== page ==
Biography: Oscar Greeley Clendenning Hammerstein II was born on July 12, 1895 in New York City. His father managed the Victoria Theatre and was a producer of vaudeville shows. He attended Columbia University and studied at Columbia Law School. He quit law school for the theatre, and collaborated with various composers including Otto Harbach, Jerome Kern, and Richard Rodgers. He contributed lyrics to over 800 songs. He married Myra Finn, with whom he had his children William and Alice. He then married Dorothy Blanchard Jacobson, with whom he had his son James.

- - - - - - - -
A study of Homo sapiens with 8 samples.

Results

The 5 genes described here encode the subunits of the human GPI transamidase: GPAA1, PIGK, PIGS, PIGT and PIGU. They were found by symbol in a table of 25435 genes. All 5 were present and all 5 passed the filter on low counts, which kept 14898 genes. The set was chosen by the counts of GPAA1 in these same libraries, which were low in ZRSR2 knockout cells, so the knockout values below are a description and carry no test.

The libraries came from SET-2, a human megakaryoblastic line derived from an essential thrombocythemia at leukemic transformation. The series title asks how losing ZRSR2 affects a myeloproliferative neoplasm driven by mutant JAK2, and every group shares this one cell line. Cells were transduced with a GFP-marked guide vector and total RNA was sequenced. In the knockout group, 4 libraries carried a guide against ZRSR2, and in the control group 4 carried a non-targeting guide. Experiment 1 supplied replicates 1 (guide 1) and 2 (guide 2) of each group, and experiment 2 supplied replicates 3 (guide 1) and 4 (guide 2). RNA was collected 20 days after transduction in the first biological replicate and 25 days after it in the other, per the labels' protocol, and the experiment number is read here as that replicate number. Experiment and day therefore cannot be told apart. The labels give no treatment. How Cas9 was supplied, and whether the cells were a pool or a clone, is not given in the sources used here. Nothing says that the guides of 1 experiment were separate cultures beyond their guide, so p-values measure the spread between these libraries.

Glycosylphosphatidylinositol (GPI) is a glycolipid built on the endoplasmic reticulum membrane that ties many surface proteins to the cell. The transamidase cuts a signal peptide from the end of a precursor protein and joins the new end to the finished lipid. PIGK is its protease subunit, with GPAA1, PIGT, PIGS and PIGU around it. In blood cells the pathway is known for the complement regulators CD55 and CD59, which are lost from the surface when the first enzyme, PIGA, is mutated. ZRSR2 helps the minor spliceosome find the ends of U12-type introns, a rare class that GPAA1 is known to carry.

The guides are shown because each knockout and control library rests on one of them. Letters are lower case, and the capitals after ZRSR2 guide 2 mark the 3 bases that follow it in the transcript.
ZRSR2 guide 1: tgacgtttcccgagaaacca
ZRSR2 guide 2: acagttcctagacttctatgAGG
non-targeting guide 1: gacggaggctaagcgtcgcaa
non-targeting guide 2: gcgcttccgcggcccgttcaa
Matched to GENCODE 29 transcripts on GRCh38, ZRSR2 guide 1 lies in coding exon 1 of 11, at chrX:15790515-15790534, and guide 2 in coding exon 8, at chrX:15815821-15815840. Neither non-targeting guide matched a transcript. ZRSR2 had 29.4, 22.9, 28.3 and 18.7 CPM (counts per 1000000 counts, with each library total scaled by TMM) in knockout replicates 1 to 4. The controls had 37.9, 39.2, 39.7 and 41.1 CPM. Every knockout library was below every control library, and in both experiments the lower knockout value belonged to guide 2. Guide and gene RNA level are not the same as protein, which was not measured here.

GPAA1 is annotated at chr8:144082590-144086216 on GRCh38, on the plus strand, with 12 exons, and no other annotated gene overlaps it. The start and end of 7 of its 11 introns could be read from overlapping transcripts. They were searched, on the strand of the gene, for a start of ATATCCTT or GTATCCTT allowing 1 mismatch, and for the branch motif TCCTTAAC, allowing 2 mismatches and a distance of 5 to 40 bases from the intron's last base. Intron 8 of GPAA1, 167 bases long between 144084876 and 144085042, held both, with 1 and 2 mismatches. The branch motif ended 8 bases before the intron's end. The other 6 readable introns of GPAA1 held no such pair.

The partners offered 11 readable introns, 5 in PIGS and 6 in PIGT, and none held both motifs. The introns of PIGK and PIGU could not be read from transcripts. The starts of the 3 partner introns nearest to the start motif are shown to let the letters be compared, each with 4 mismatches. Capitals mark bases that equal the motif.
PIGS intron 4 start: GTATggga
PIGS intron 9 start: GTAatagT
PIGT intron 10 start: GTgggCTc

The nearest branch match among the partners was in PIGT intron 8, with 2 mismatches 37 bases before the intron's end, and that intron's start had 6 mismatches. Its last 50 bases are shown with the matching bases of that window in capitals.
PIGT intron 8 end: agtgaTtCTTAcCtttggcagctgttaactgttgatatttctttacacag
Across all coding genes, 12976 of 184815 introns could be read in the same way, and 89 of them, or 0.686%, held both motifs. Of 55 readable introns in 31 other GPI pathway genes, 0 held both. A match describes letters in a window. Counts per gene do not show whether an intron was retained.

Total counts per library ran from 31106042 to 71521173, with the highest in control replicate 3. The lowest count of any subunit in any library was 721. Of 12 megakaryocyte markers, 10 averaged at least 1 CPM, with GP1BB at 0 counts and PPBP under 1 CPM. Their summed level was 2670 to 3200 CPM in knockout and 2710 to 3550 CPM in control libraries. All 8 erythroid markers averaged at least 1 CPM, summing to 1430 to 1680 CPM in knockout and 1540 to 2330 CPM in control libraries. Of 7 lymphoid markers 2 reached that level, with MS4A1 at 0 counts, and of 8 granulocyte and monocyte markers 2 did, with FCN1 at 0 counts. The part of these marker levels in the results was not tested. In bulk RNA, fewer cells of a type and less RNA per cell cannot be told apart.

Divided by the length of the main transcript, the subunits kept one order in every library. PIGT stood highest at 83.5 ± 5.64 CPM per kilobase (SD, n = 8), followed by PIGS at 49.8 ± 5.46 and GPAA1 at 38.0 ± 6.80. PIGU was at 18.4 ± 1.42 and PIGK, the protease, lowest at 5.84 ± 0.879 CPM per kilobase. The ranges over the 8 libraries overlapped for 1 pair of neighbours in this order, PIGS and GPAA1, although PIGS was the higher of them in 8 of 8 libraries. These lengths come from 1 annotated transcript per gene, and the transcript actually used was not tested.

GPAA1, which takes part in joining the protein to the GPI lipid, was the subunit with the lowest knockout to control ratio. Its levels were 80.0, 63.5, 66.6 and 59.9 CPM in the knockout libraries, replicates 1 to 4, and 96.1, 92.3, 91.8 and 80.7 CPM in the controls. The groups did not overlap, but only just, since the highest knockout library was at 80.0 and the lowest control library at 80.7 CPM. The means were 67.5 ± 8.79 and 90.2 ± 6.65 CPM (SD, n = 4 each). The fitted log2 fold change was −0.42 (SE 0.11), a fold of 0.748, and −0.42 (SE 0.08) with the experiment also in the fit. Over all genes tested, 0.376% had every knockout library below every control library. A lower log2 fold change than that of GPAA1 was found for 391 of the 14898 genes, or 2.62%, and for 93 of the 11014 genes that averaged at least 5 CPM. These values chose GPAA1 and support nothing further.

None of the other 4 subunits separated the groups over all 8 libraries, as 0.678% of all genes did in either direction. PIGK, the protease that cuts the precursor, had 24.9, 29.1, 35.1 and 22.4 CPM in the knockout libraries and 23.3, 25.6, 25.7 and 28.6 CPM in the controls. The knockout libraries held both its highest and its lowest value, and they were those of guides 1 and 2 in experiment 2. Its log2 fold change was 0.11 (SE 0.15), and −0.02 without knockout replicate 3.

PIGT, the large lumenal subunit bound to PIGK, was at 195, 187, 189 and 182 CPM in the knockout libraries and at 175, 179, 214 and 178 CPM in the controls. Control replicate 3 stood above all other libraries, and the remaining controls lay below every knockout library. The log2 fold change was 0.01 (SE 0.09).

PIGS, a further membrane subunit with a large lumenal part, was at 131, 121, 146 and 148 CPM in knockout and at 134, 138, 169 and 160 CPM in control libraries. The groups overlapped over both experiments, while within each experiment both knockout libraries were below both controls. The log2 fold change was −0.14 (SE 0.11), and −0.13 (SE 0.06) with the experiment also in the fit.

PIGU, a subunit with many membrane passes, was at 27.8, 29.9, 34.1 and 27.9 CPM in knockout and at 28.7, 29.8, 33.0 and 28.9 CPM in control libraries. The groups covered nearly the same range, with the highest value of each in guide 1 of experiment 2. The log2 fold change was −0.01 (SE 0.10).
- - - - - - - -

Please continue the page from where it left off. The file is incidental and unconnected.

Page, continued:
Film/TV Credits: Film credits include: "The Sound of Music," "American Graffiti," "The King and I," "Show Boat," "South Pacific," "Oklahoma!," "Carmen Jones," "Carousel," "Annie Get Your Gun," "Flower Drum Song," "State Fair," "The Great Waltz," and "That's Entertainment!." Television credits include: "The Wonderful World of Disney," "Cinderella," "Great Performances," "The Ed Sullivan Show," "Live from Lincoln Center," and "Person to Person."
Other Awards: Rodgers and Hammerstein received The Hundred Year Association of New York's Gold Medal Award "in recognition of outstanding contributions to the City of New York." Oscar for Best Music, Original Song for "Lady Be Good" with Jerome Kern in 1942. Oscar for Best Music, Original Song for "State Fair" with Richard Rodgers in 1946.
Trivia: The final song he wrote was "Edelweiss" in The Sound of Music. He was a mentor to composer/lyricist Stephen Sondheim. The marquees of Broadway theaters were dimmed in his honor on September 1, 1960.